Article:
New York, NY--November 28, 2007. Drugs are radically reducing the toll of breast cancer--both by reducing the likelihood of breast cancer recurring and, for certain high-risk women, decreasing the likelihood it will appear in the first place.
Women should consider the scientific evidence, consult their physicians, and decide whether to take a chemopreventive agent to lower their risk of breast cancer, according to scientists affiliated with the American Council on Science and Health (ACSH), a New York-based consumer education and advocacy group.
The current medical approach to this topic is reviewed in a new publication, Reducing Breast Cancer Risk with Drugs, written by Gilbert Ross, M.D., ACSH's medical director, and peer-reviewed by a number of world-renowned experts in this field.
The only such chemopreventive agents approved now for this use are tamoxifen and raloxifene. These drugs are selective estrogen receptor modifiers, or SERMs, and lower the risk of breast cancer, it is believed, by blocking the effect of estrogen on breast tissue.
• Tamoxifen has been used for over 20 years to make less likely the development of new lesions after the removal of a primary breast cancer. In 1998 it was approved for chemoprevention, which is the reduction of cancer risk before cancer has even been detected.
• Raloxifene was introduced for the prevention of osteoporosis in 1998 and for the treatment of osteoporosis in 1999, and was recently also approved for the chemoprevention of breast cancer. Several studies have suggested that it may be as effective as tamoxifen, and might be safer, in this area.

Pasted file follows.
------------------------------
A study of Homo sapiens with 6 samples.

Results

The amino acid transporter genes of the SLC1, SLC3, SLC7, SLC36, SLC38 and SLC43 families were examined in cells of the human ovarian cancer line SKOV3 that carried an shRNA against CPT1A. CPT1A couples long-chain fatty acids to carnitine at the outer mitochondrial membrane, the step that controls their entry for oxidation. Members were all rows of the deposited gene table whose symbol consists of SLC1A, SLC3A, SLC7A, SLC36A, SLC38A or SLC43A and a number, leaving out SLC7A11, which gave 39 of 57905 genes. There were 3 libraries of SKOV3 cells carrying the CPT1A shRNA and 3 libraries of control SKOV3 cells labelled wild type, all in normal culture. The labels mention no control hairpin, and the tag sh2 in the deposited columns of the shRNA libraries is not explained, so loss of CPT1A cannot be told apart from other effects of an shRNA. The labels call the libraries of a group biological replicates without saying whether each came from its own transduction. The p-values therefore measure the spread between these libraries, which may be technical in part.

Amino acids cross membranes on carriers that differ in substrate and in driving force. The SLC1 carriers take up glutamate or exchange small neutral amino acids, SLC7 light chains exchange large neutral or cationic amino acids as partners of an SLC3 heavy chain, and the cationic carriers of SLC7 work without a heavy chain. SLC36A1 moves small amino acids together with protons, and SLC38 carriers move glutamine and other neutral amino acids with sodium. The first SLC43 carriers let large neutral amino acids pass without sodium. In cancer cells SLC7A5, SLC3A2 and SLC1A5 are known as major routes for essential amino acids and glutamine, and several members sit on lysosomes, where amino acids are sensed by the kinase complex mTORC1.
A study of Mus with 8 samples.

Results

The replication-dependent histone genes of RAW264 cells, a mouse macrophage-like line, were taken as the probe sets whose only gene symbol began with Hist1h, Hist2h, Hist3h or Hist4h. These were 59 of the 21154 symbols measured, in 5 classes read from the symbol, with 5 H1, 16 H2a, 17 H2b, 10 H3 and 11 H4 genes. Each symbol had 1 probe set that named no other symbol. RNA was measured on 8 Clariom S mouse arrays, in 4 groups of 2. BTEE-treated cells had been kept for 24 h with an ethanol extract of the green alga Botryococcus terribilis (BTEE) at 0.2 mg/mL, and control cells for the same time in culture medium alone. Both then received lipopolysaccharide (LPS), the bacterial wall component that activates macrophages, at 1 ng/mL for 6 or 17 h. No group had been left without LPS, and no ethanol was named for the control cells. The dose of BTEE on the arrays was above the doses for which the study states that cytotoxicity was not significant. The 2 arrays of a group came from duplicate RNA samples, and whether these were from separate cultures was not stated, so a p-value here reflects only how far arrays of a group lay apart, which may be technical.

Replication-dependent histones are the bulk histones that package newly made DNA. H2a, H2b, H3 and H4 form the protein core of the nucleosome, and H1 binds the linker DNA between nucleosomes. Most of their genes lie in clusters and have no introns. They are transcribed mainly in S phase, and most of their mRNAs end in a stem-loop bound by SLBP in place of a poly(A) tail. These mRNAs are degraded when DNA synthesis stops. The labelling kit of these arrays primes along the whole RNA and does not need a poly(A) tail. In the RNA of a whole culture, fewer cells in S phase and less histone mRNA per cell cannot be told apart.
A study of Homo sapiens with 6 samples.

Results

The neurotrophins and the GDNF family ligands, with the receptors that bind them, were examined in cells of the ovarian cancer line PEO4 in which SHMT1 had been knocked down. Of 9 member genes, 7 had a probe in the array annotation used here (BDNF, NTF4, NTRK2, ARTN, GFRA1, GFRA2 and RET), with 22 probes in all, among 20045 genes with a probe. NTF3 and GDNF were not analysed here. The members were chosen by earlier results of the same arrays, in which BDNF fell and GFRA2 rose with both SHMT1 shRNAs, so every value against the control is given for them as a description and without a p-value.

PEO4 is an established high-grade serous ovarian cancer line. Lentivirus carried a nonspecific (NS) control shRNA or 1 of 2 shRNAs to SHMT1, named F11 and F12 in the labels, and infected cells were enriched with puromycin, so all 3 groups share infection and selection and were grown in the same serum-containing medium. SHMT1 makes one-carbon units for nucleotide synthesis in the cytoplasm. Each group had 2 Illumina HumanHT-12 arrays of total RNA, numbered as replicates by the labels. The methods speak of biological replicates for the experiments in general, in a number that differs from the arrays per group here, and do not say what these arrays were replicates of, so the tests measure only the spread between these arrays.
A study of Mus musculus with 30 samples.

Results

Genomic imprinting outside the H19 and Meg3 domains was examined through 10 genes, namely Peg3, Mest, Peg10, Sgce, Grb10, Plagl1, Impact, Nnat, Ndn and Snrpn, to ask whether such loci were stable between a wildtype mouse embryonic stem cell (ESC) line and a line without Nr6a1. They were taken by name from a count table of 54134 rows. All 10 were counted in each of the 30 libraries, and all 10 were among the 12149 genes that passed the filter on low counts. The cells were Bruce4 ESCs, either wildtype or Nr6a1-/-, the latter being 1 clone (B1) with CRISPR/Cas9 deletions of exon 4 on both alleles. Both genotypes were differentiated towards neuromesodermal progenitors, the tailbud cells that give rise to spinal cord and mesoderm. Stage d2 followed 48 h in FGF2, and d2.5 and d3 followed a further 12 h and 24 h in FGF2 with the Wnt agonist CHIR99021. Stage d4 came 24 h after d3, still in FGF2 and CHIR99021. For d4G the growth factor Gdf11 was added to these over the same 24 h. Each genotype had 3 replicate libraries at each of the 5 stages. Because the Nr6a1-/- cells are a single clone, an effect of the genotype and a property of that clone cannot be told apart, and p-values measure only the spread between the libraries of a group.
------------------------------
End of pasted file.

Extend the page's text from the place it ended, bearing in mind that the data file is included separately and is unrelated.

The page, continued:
Tamoxifen can cause the proliferation of uterine cells and thus increases the risk of uterine cancer. Raloxifene does not have this side effect, but both drugs have adverse effects that have to be taken into account before they are prescribed. Ongoing studies may shed much more light on who should and should not take these drugs.
• An entire new class of agents--which has shown beneficial effects in preventing the spread of breast cancer (secondary prevention)--has also been developed: the aromatase inhibitors (AIs). These drugs may also become an option for certain women at high risk of breast cancer to consider (with their doctors), to reduce the risk of breast cancer developing. As with all drugs, these too have specific side effects and indications, and they are only used in postmenopausal women.
"These drugs are not for every woman," notes Dr. Ross. "While these agents are relatively safe, there are potential adverse effects. But those women who do have an elevated risk of breast cancer may stand to benefit. Any woman with questions should consult a doctor they trust to advise them. Additionally, there are computerized tools available to help both patients and physicians assess the severity of risk." Adds Dr. Ross: "The large majority of women should not take any chemopreventive agent at this time, but current studies will give us a clearer picture of who will be the most likely to benefit."
"While a lot of attention and funding has been directed towards 'finding a cure,' the real progress scientifically has been in the area of prevention, specifically, using drugs to prevent breast cancer, especially in high-risk women," says Dr. Elizabeth Whelan, president and founder of ACSH.
Download ACSH's full report, Reducing Breast Cancer Risk with Drugs.
Contact: Dr. Gilbert Ross, RossG[at]acsh.org or 212-362-7044 x242.
Dr. Elizabeth Whelan, WhelanE[at]ash.or or 212-362-7044 x235.
The American Council on Science and Health is an independent, non-profit consumer education organization concerned with issues related to food, nutrition, chemicals, pharmaceuticals, lifestyle, the environment, and health.